We just provided the honey for West Sixth Brewery's soon-to-be-released 5th Street Honeybee Rye! You may not know this, but we love beer, especially the beer brewed by West Sixth. We also love our city and the great collaborations it fosters. Not least, we love local food and supply chains. So, to have the three come together in this brew just makes us pretty lovesick. At the very least, you could say that we're excited. The beer will debut at the Fest of Ales on August 31st.
So here's a bit of how we came to have enough honey to contribute to a batch of beer.
First off, we've found it slightly bewildering to begin beekeeping--a hobby that teaches you to pay more attention to the seasons and environment--during a period of record-breaking and unseasonable rain, heat, and lack thereof. We've been trying to be more attune to patterns just as those patterns seem to be unraveling. That has certainly been the case this year.
|tall hives = awesome spring|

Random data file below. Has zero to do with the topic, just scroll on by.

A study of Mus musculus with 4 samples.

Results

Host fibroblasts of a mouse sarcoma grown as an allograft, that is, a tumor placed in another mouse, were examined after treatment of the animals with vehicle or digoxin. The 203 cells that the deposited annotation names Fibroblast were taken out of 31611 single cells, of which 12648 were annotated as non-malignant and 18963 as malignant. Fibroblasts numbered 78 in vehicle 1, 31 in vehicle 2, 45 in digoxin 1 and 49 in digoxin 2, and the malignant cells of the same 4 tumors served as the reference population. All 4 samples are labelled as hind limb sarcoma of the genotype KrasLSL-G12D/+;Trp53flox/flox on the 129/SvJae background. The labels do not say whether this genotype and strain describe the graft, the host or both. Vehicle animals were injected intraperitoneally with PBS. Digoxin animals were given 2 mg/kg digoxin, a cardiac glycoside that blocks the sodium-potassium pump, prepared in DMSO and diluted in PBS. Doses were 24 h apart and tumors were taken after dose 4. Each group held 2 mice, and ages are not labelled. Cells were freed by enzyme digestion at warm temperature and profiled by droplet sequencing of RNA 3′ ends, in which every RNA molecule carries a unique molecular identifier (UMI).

This year, with almost every flower and tree we kept track of in the neighborhood blooming a full month earlier than last year, our spring honey harvest also came a month early. However, when we harvested our bulging honey supers during our May harvest we found quite a bit of almost-honey in the hive that wasn't quite ready to take.
|fully capped spring honey|
Two things happened between the gang-busters spring harvest and the summer harvest: 1) a drought which lead to a dearth of nectar which lead to the bees consuming any new nectar brought back to the hive, 2) the opportunity to cap all that almost-honey we'd left in the first round. What did this mean for the summer harvest?
Spring harvest part deux!
I suppose this makes sense. We enjoy seeing the seasons expressed in the honey and February through August 2012 did feel like two springs and a dearth. But it is still a strange thing--and disconcerting--to experience two spring crops and no summer in your third season as a beekeeper.
But hey, spring honey is the most popular kind. So enjoy!
So, now that we have all this honey, how do we get it out to folks? Well, we're playing around with some new venues that we should talk about.
|Now at Stella's|
2) We've also started selling at my brother's deli: Stella's Kentucky Deli. Our honey is already there and our lip balms will be soon.
3) As always, you can order directly through us by emailing email@example.com and we can arrange the details.
4) And finally, if you are a local restaurant or the like, and would like to use our honey as an ingredient in your confections, we can do that too (see The News section at the beginning of this post :). If you're interested, again, email us at firstname.lastname@example.org.